Employee development programs are essentially universal. Every job requires at least some training, while some demand continuous learning. So, as long as it’s happening anyways, smart organizations provide the best development programs possible. If they do it right, they discover a lot more than just meeting the basic needs of the company.
Types of Employee Development Programs
An employee development program (EDP) is a general term for all of the learning and development initiatives supplied by HR to any worker. This includes the leadership development programs given to managers and executives (but not exclusively, in companies that have a growth mindset). Also, not every program occurs within a company. For example, when attending courses of higher education or technical specialties, employees are often not physically at the workplace, but their employer still pays for their studies. Here are some common examples of EDPs:
- Onboarding and orientation for new hires
- Soft-skills training
- Product and services training
- Career development
- Job enrichment
- Feedback programs
- Compliance training
- Hard skills
- Leadership development
- Mentoring programs
- Talent development
- Workplace skills
Investing in an Employee Development Program
The number and type of EDPs is practically endless, so HR/L&D people might wonder how much should be spent on them. Right now, the average global expenditure on L&D per employee is $1, 267. But keep in mind that this is still an average. An executive course for issuing IPOs might cost a few times that, while sponsoring an MBA student can go into six figures. On the other hand, employee onboarding is essentially free because it is handled internally. What’s more important is what you spend the money on.
Engagement and Employee Development
There are two main areas of employee development. The first is practical skills, which enable a worker to perform everyday tasks. These skills involve more than just knowing how to write a program or build a widget. In the modern workplace, soft skills that permit us to communicate and cooperate effectively are just as essential as nuts-and-bolts functionality.
The second area of development relates to an employee’s motivations and feelings about their job. We are in a time of massive disengagement, as organizations are seemingly losing the ability to impart a sense of “why?” to their employees.
This is because the truth about engagement is that workers need to feel a sense of purpose in their jobs. How does their role contribute to something positive? What can they do to help others succeed? It all boils down to an organization that:
- Contributes to society
- Has a culture that explains and imparts this value to employees
Rolling out EDPs that cover both areas gives a company the skills that it needs to prosper, and workers who are more engaged and easier to retain.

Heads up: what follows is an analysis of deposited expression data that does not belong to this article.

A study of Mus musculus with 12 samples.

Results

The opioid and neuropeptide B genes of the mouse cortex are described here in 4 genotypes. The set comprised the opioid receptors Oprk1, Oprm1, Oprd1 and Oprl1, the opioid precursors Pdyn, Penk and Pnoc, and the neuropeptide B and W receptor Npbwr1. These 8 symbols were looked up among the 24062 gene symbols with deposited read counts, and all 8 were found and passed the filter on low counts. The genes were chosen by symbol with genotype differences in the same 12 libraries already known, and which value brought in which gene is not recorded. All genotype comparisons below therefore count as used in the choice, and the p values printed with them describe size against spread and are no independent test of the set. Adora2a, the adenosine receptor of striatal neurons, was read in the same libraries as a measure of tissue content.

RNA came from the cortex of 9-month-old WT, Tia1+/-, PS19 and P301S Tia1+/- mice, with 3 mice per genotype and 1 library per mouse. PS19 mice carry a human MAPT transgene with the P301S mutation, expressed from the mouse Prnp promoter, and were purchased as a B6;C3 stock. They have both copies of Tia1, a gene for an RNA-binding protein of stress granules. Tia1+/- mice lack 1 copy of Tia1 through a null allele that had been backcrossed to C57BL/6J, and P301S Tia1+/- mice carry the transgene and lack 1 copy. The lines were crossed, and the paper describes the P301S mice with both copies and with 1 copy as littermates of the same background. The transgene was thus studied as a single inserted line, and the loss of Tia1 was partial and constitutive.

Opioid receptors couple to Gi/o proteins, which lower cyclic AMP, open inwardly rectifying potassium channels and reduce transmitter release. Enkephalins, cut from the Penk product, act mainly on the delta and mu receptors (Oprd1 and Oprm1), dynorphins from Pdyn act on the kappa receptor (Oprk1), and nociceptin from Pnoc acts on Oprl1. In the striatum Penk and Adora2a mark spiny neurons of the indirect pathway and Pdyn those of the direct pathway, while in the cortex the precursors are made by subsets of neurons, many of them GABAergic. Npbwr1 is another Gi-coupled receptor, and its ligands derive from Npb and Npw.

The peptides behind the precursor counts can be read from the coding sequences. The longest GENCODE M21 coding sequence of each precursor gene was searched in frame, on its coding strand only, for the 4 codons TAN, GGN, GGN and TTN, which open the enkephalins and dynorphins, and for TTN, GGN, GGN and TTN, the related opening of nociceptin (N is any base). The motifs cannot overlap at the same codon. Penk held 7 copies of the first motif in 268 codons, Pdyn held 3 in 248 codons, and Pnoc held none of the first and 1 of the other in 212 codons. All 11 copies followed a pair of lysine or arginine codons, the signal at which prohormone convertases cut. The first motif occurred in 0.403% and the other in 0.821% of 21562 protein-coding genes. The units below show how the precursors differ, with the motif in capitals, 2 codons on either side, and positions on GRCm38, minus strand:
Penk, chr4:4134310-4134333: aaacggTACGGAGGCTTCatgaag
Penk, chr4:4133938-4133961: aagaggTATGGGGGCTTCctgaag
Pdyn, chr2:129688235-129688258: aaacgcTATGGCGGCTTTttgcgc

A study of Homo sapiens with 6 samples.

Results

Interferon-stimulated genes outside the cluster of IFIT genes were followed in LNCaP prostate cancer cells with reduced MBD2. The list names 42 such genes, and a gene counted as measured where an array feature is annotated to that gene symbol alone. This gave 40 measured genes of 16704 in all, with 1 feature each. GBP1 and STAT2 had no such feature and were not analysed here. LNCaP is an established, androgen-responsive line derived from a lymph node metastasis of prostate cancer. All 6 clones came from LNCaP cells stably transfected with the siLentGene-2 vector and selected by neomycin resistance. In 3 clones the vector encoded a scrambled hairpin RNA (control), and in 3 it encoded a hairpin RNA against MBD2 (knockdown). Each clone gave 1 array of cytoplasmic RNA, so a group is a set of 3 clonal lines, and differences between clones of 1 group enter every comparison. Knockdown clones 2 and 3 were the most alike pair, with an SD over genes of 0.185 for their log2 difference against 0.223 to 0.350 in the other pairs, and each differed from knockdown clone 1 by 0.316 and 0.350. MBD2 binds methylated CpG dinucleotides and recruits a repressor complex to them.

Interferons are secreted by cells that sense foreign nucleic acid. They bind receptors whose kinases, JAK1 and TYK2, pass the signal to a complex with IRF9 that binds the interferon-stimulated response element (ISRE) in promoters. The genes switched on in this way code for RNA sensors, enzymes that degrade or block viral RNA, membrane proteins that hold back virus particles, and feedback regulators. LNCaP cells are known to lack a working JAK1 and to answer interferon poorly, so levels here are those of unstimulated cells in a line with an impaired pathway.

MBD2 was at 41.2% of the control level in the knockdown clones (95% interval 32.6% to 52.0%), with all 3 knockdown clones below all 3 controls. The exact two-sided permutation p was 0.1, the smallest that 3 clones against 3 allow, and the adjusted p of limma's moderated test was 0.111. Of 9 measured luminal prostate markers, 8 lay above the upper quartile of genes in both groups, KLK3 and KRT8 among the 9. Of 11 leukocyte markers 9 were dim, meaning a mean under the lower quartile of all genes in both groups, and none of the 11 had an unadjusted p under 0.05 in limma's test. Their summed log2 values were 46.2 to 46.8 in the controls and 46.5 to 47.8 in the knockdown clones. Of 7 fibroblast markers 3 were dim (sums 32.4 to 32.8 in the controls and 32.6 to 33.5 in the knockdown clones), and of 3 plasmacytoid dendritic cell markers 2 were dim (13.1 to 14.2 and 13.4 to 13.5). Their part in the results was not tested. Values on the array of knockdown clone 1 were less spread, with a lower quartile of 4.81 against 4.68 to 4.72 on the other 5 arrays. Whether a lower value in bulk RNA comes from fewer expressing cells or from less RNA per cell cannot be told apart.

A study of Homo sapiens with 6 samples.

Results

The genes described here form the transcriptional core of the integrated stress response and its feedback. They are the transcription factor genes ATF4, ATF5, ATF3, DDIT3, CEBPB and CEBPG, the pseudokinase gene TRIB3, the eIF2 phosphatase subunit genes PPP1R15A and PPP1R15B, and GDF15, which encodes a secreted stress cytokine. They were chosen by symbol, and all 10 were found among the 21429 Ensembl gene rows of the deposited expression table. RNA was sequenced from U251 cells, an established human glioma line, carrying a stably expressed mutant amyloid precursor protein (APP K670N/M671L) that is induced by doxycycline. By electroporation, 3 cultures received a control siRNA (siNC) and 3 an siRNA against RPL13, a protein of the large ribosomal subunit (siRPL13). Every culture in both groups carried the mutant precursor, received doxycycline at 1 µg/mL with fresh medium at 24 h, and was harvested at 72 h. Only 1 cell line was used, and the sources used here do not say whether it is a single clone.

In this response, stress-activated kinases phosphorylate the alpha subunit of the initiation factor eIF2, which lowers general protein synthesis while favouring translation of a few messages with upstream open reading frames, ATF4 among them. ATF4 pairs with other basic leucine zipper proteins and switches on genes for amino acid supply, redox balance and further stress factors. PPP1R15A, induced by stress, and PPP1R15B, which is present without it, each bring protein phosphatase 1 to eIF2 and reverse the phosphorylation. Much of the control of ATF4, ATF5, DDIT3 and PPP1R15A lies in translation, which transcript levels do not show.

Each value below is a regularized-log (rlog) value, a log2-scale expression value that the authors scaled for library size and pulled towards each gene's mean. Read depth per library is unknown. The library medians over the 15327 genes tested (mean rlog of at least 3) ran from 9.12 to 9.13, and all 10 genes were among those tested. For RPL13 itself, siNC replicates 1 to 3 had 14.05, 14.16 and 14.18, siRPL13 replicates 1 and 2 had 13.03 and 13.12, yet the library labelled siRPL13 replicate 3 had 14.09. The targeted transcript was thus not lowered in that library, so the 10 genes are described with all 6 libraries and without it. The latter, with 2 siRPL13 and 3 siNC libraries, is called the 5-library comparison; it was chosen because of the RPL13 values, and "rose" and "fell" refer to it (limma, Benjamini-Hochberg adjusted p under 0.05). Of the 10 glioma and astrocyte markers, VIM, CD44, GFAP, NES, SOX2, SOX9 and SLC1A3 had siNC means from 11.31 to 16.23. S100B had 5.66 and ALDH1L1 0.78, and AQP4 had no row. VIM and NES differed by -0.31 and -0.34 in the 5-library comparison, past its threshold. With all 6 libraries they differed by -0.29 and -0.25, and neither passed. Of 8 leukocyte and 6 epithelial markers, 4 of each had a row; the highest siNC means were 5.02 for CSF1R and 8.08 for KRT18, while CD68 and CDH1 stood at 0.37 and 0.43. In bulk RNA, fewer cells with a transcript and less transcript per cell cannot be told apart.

Two Key Elements for Effective Employee Development
In light of this, all EDPs should include efforts that build culture through leading by example, illustrating the big picture of an individual’s role, and enabling mutual support. There are two connected HR moves that can achieve this.
It’s up to HR to define if and how the company benefits the outside world. Hopefully, your organization provides value to society at some level. For example, being one of the wealthiest companies in the world might make Alphabet (AKA Google) a target for scorn. But Google employees give their company high marks when it comes to both mission and values.
Your company’s interpersonal relations are another sort of social value. Does it hire handicapped people, veterans, and other minorities? Is there an internal welfare system? Are there opportunities to simply help each other out, professionally or personally? Building a “family” culture is an additional avenue for benefiting humanity.
HR needs to lead initiatives that build culture through:
- Forming a mission statement based on the value that the company brings to society
- Explaining the culture to the organization and translating this to standards, goals, attitudes, and behaviors
- Publicizing any actions taken by employees that illustrate affirmative behavior
- Using role models, particularly executives, to show culture in action
- Building a list of skills and employee personas that support cultural goals
The lessons learned through these steps should be extended throughout the company. For instance, during recruiting efforts, HR should look for the personas it has defined. Similarly, during onboarding and post-onboarding L&D programs, HR might include elements that focus on the company’s culture. Finally, the organization should consider linking actions that support culture to promotion and compensation.
Build a GrowthSpace Culture
GrowthSpace was created with a mission in mind: to bring out the greatness in every employee. GrowthSpace understands that the key for any person to achieve their professional goals is to be given a chance to do so with L&D courses that match their dreams and skills.
So GrowthSpace set off – and succeeded – to design a talent development platform that enables any employee to get the skills that they desire and go as far in professional life as they want. Plus, it doesn’t hurt that GrowthSpace also makes professional life a lot easier for the HR team with a unified platform to handle all L&D administration.